Unemployment, food prices spur growing hunger

Rising unemployment and food prices and a sluggish economy are taking their toll on Bangladesh, where a growing number of people are struggling to survive.



“If I do not get work tomorrow or become ill, all my family members will go hungry,” said Nur Islam, a 45-year-old Dhaka resident who hauls a rickshaw around town for US$3 a day to feed his wife and three children.



About 40 percent of Bangladesh’s 160 million people live on less than $1 a day and are food insecure, according to government figures, and a rapidly expanding population - combined with rising unemployment, inflation, the economic slowdown and unpredictable weather-related disasters - is leading the country deeper into a food crisis.



“In recent years, devastating cyclones and floods, the dramatic increase in food prices in 2008 and the global recession have all impacted economic growth in Bangladesh, which in turn has led to a deterioration of food security and the nutritional situation in the country,” Emamul Haque, spokesperson for the World Food Programme (WFP) in Bangladesh, told IRIN.



According to WFP, the number of people who consume less than the minimum daily recommended amount of food rose from 47 million in 1990, to 56 million in 2005. Following floods and Cyclone Sidr in 2007, that figure peaked in 2008 at 65 million.



Too poor to buy food



Nearly 60 percent of food insecure households said they were going hungry due to insufficient income, according to a study by the Bangladesh Bureau of Statistics (BBS).



“The lack of economic growth is the main reason for food insecurity in Bangladesh. Sometimes there is availability of food, but the poor people do not have the purchasing power,” said Quazi Shahabuddin, researcher and former director-general of the Bangladesh Institute of Development Studies.



The Asian Development Bank said the economy is slowing, with sluggish investments and a decline in exports. Government figures indicate unemployment has risen to 5.1 percent in 2009, from 4.2 percent in 2006, meaning 2.7 million unemployed in 2009, compared to 2.1 million in 2006. 















Photo: David Swanson/IRIN
Men queue for food assistance in the wake of Cyclone Sidr

Meanwhile, food inflation rose sharply from 0.3 percent in June 2009 to 10.9 percent in February 2010, the World Bank reported in April. In March, the price of rice in Dhaka was 17.8 percent higher than it was in March 2009.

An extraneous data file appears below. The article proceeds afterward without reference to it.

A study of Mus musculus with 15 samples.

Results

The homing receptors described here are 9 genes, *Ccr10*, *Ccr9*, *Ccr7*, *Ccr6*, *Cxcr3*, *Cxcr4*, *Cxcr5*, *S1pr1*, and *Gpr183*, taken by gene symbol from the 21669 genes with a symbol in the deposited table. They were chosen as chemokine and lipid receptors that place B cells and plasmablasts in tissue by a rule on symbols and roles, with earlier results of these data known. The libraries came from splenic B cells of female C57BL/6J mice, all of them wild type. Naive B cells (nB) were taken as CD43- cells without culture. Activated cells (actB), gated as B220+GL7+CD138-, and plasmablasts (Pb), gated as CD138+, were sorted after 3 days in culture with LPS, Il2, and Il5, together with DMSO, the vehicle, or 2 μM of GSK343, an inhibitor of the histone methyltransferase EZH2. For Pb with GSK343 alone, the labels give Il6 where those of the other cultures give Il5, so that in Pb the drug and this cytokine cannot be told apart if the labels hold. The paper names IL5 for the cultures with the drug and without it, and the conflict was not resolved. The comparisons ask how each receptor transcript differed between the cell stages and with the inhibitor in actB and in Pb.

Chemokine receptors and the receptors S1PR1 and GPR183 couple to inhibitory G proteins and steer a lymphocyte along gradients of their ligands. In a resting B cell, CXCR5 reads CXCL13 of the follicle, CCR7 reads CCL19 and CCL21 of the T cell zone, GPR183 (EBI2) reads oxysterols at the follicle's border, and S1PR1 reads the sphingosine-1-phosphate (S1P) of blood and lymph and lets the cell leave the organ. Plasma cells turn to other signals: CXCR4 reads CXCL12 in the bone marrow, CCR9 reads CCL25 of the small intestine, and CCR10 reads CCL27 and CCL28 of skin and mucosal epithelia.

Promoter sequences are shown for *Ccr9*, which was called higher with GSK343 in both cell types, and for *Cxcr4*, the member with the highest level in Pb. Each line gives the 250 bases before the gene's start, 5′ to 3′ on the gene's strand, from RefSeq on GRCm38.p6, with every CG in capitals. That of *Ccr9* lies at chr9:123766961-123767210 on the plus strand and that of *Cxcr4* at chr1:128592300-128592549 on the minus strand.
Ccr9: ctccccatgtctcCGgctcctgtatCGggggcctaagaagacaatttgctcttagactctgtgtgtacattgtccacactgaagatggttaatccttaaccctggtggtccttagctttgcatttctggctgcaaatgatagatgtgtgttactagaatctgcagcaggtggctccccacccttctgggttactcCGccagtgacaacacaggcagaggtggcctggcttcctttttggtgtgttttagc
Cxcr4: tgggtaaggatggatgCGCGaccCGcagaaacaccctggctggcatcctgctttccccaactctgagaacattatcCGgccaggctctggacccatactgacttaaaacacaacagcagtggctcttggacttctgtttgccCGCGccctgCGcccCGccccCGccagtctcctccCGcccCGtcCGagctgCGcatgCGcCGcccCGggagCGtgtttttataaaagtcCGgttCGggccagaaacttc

More people, less to eat



If the present trend of population growth - two million people per year - continues, Bangladesh will face even greater food shortages in the next few years, reaching a critical level by 2050, according to a study by Unnayan Onneshan, a Dhaka-based research group.



Climate change is also contributing to food insecurity, leading to concerns that rice production will drop. In a report released in May, experts estimated that as a result of climate change, rice production in Bangladesh will fall by 80 million tons by 2050 - or about 3.9 percent each year.



“The soil is heavily degraded in many parts of the country, fresh water availability for irrigation is increasingly scarce, and natural disasters regularly damage part of the agricultural output,” said Shenggen Fan, director-general of the International Food Policy Research Institute, at the recent Bangladesh Food Security Investment Forum.



Such food insecurity severely affects the population’s health, with nearly seven million children under five underweight and three million who are acutely malnourished, according to WFP.



“Along with India, Bangladesh has the highest proportion in the world of newborns with low birth weight. Micronutrient malnutrition - the silent hunger - is also at alarming levels in Bangladesh, affecting nearly 30 million women and 12 million children under five years old,” said John Aylieff, WFP country representative.



“There is a clear moral imperative to address malnutrition in Bangladesh. But beyond this, we must recognize that addressing malnutrition would have a significant [beneficial] economic impact,” Aylieff said, citing a recent estimate that iron deficiency anaemia among Bangladeshi children alone caused an annual gross domestic product loss of more than $4 billion per year.